03:25 GMT +313 November 2019

    CC BY 2.0 / Kevin Gill / Mars

    We have known for some time that Mars had water in its distant past, which formed rivers and lakes on its surface. It still exists there, frozen and trapped in the planet’s icy depths. But there is no consensus over whether Mars was always as cold as it is now.

    Based on new research scientists suggest, that the climate on Mars may have once been so warm that it could have allowed rain to pour and rivers to flow – a theory increasing the possibility that there was once life on the Red Planet.

    Presenting the findings on Tuesday at a geochemistry conference in Barcelona, Professor Briony Horgan of Purdue University in Indiana said: “We know there were periods when the surface of Mars was frozen; we know there were periods when water flowed freely. But we don’t know exactly when these periods were, and how long they lasted.”

    The research team, led by Horgan, has studied data about Martian mineral deposits using the Mars Curiosity Rover and the orbiting NASA CRISM spectrometer, which tracks minerals on the surface that indicate past liquid water.

    They then compared this data with information from several places on our planet to find if there were any similarities between ancient Mars and ancient Earth.

    “Our study of weathering in radically different climate conditions such as the Oregon Cascades, Hawaii, Iceland, and other places on Earth, can show us how climate affects patterns of mineral deposition as we see on Mars,” Professor Horgan said.

    This composite image made from a series of June 15, 2018 photos shows a self-portrait of NASA's Curiosity Mars rover in the Gale Crater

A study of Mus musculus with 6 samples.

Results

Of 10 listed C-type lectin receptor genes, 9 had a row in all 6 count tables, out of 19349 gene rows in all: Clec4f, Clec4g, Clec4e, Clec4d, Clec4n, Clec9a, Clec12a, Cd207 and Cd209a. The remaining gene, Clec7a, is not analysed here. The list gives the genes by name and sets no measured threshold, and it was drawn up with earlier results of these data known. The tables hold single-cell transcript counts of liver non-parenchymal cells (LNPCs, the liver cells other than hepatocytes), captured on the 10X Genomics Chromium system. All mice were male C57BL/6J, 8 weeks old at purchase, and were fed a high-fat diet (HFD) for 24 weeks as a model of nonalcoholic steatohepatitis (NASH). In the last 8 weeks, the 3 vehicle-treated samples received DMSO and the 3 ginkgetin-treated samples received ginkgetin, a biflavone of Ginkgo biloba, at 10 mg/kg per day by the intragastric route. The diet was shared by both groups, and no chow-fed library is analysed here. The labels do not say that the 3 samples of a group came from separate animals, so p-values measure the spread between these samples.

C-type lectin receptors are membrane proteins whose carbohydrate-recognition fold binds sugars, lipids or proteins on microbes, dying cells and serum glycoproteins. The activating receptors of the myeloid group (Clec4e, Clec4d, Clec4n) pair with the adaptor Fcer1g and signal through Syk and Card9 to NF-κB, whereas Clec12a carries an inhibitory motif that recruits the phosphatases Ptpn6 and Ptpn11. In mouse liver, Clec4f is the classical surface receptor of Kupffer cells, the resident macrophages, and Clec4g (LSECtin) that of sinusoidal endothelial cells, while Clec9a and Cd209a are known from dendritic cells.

© NASA . JPL-Caltech
    This composite image made from a series of June 15, 2018 photos shows a self-portrait of NASA's Curiosity Mars rover in the Gale Crater

    “Here on Earth, we find silica deposition in glaciers, which is characteristic of melting water. On Mars, we can identify similar silica deposits in younger areas, but we can also see older areas which are similar to deep soils from warm climates on Earth.”

    According to Horgan, the findings point to a “general slow trend” from warm to cold climate on Mars from 3 to 4 billion years ago, around the same time life appeared on Earth.

    “If this is so,” she added, “it is important in the search for possible life on Mars.”

    “We know that the building blocks of life on Earth developed very soon after the Earth’s formation, and that flowing water is essential for life’s development. So evidence that we had early, flowing water on Mars, will increase the chances that simple life may have developed at around the same time as it did on Earth.”

    Professor Horgan is a co-investigator on the Mars 2020 mission, which will collect mineral samples on Mars and return them to Earth in search for evidence of habitable environments and past life on the planet.

    She concluded: “We hope that the Mars 2020 mission will be able to look more closely at these minerals, and begin to tell us exactly what conditions existed when Mars was still young”.